Students at West Hatch High School gained an insight into local democracy at the Epping Forest Youth Conference.

    The conference, held in the council chamber at the Civic Offices, Epping, featured guest speakers including Epping Forest District Council chairman David Stallan, Brentwood and Ongar MP Alex Burghart and deputy police commander Tom Mitchell.

    Students also took part in a debate over whether Epping Forest should have a Police Liaison Officer. 

    The debate can be viewed HERE

    The students found the day very informative and agreed it encouraged them to engage with local and national politics. 

    It certainly got them talking and thinking about politics. 

    West Hatch High School's Student Voice co-ordinator Matt Calver hopes this will encourage the students to put themselves forward when the school relaunches Student Voice and allows students to stand for election as Form and House representatives. 

    West Hatch High School also celebrated UK Parliament Week with workshops highlighting what Parliament is and the work it conducts, with a range of debates and discussions. 

    Students tested their knowledge about how laws are made, the structure of Parliament, and also discussed what topics and issues would encourage them to get out and vote.

    Throughout the week students and staff tackled topics such as what is Parliament, how do we hold Governments to account, how laws are made and what are elections and how do we vote.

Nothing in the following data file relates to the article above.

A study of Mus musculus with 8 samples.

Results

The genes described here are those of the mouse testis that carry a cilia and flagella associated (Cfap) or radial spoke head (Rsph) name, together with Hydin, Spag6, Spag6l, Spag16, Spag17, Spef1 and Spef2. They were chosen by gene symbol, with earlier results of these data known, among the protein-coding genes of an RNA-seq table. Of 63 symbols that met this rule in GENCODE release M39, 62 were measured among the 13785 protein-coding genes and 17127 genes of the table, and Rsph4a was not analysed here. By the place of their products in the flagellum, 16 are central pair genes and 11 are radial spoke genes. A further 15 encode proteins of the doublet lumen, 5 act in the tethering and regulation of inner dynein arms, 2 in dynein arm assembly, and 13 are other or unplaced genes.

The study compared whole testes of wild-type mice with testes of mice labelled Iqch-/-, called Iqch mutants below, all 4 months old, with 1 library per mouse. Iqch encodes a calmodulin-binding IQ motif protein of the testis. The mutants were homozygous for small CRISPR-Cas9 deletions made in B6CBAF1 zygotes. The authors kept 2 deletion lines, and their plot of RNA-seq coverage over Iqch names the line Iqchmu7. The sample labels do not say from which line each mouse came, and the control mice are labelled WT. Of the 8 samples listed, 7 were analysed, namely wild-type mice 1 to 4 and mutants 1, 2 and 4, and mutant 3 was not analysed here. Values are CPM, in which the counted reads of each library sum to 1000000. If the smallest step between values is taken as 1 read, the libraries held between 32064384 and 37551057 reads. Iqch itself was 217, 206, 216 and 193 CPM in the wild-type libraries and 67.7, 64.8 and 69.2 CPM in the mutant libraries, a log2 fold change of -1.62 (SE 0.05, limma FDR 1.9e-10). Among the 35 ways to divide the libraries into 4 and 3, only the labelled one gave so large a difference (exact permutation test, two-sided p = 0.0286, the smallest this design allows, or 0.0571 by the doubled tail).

The main debate during the week was whether the voting age should be lowered to 16: a topic which is regularly raised and was especially pertinent considering the recent referendum and elections.

    The school's careers co-ordinator, Geoff Towsey, said: "Simply talking about politics and showing young people the ways they can get involved can really encourage them to engage in politics and current affairs. 

    "Whilst I know we have some students who could be future councillors or MPs, our aim is not to encourage all students to go onto a career in politics but to at least listen and engage with the debates they hear on the news and from politicians. 

    "They will all soon be able to vote, so hopefully talking about politics now will allow them to make an informed political decision in the future."

    West Hatch students engaged in the debates and discussions.

    It is hoped that in the new year the school will introduce a new Politics and Public Speaking Club.